By Jenni Todd
BU News Service
Hundreds of environmental protesters filled Boston’s Congress Street bridge Friday afternoon to sing about the rising tides within eyesight.
“It feels like church, but better,” said Gabrielle Kay, an undergraduate at Massachusetts College of Art and Design, as a makeshift choir harmonized around her.
“Flood the Seaport,” a protest organized by Extinction Rebellion Massachusetts, blocked the roadway during rush hour to raise awareness about the coastal neighborhood’s precarious future. The event was held as part of this week’s international Global Climate Strike.
“The Seaport is at early risk of flooding and being regularly underwater,” said Allen McGonagill, an organizer with Extinction Rebellion. “They’re building new buildings all of the time. The fact that the government allows permits to be issued in this area…I think fuels the kind of delusions that people who are not thinking about the climate crisis live in, that they can continue about their day to day lives.”
Around 4 p.m., a brass band led demonstrators from Dewey Square Park to the bridge. They came bearing hula hoops and flags, ready for a party despite the circumstances.
“The purpose of the vibrancy is to show what a different sort of culture could be possible,” said Kevin Li, a first-year graduate student at Massachusetts Institute of Technology. “If we didn’t have this exploitative system…we could have a different sort of culture, a regenerative one, one that celebrates the earth and one that also celebrates color and dance and music.”
As the band played, one group constructed a geometric dome adorned with images of sea-life that would swim above the bridge if it were already underwater. Others climbed the bridge’s tall girders to hang a banner that read, “Tell the truth. Declare climate emergency.”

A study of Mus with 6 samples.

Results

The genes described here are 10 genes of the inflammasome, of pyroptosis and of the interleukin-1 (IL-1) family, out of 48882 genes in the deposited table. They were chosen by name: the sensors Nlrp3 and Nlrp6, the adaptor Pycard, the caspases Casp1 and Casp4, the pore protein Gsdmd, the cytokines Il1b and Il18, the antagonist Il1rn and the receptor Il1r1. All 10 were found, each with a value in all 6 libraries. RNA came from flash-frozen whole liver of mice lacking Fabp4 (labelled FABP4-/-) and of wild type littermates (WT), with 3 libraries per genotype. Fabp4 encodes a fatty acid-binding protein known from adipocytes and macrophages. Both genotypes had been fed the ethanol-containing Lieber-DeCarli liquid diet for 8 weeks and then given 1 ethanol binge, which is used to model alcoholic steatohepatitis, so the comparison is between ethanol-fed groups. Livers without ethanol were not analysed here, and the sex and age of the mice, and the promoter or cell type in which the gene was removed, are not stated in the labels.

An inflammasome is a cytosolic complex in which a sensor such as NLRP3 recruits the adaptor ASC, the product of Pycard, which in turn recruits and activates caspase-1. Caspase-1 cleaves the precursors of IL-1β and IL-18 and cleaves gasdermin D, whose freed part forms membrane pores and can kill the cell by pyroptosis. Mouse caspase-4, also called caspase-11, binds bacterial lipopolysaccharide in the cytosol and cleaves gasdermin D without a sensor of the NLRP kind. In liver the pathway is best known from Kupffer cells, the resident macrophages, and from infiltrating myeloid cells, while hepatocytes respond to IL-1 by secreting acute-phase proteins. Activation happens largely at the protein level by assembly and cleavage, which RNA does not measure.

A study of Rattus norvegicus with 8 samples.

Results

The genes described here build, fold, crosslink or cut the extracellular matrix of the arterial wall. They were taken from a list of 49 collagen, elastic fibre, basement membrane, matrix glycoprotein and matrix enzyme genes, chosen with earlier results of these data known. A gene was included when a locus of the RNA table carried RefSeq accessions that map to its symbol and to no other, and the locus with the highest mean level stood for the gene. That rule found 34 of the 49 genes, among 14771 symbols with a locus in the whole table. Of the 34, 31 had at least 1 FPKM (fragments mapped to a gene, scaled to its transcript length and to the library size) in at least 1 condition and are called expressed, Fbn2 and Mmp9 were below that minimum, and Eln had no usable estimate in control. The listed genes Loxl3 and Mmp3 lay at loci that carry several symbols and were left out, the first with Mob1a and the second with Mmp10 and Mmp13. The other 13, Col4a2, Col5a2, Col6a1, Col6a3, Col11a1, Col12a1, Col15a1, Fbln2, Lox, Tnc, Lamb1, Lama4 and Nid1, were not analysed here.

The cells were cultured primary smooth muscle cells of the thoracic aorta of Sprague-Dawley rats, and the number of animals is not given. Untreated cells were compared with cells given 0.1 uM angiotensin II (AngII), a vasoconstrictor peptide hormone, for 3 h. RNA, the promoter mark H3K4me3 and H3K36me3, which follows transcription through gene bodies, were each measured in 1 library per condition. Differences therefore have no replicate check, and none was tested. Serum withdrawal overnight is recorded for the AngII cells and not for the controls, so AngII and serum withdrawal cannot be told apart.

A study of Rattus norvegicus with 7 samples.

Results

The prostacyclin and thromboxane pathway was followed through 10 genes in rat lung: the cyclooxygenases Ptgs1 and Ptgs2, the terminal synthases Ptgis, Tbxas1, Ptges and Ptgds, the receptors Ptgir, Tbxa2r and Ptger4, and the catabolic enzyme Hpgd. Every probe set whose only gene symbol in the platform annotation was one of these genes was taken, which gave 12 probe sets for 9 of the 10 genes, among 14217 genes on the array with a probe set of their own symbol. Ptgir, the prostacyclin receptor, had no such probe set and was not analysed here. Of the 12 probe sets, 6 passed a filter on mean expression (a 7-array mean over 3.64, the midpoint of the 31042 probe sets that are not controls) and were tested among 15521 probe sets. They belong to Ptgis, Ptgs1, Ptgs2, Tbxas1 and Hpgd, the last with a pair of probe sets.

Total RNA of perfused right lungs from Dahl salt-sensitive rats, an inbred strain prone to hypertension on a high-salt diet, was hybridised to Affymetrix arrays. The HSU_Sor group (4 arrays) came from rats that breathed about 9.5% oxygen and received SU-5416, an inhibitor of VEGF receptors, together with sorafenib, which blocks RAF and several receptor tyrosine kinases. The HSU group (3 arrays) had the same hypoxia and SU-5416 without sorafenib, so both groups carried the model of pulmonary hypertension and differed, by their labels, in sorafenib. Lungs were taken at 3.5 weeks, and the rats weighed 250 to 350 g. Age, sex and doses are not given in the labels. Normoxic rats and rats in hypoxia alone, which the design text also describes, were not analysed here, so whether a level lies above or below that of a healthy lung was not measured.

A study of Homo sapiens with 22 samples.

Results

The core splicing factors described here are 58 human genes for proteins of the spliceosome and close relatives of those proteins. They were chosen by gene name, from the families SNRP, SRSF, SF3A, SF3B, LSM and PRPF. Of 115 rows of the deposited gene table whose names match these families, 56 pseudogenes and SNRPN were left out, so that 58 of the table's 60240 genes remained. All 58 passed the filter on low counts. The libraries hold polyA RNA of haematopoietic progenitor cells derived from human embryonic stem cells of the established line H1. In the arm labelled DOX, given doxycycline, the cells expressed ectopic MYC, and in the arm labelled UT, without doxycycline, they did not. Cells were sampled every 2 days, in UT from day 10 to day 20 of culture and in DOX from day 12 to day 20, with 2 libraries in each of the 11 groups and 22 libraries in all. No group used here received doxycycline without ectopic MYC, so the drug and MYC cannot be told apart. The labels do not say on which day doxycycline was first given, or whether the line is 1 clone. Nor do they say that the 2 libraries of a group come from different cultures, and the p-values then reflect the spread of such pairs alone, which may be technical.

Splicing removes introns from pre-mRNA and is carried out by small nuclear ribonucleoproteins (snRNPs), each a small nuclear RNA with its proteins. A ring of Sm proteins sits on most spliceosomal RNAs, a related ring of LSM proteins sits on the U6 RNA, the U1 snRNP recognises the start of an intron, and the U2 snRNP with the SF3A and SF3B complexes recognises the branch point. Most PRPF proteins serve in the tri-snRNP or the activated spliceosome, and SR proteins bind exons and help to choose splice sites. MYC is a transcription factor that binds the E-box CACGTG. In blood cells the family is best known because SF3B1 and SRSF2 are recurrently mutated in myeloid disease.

A brigade of “red rebels” — so named for their long red robes and veils — processed through the crowd solemnly, appearing to mourn the planet.
City Councilor Michelle Wu made an appearance.
The clamor came to a temporary halt when the group observed 11 minutes of silence, one for each year left to stop irreversible damage from climate change.
“It really should be 10 and a half,” McGonagill said.
Among other things, attendees repeatedly voiced a demand for the government and the media to “tell the truth” about the environment. They also called on the City of Boston to declare a climate emergency and lower carbon emissions to net zero by 2025.
“All the adults all around need to step up. It’s not just for young people. This is a fight for everyone,” said Emilia Morgan, 22, of Allston. “Most importantly, we need huge structural change. The environmental crisis will not be solved if every individual recycles paper or buys used clothing.”
Alan Wright, a 65-year-old retiree from Roslindale, rolled through the crowd on a tricked-out electric bicycle, complete with a high-heel wearing skeleton holding a flag emblazoned with the word “funeral.”
“I’m really disappointed in Extinction Rebellion Boston,” Wright said. “Around the world…there are millions of people marching, and we’ve got what — maybe 150 to 200 here?”
Siena Brolin, 18, of Boxborough was glad the turn out included folks from Wright’s generation.
“I think it’s really inspiring that there are older people, too, who might not see the world that they’re fighting for but care about us enough to do something,” Brolin said. “It shouldn’t be as surprising as it is because I feel like people should have the decency to care about future generations, but a lot of people don’t, you know?”
Li hopes his peers will consider making their futures as disruptive as their protests.
“Students are thinking about what sorts of careers they want to pursue and for a lot of the people I know, those careers involve being in potentially exploitative industries,” Li said. “I want to challenge people, my friends included, to think about what sort of future we have if we’re going to invest our time in not doing anything and just contributing to business as usual.”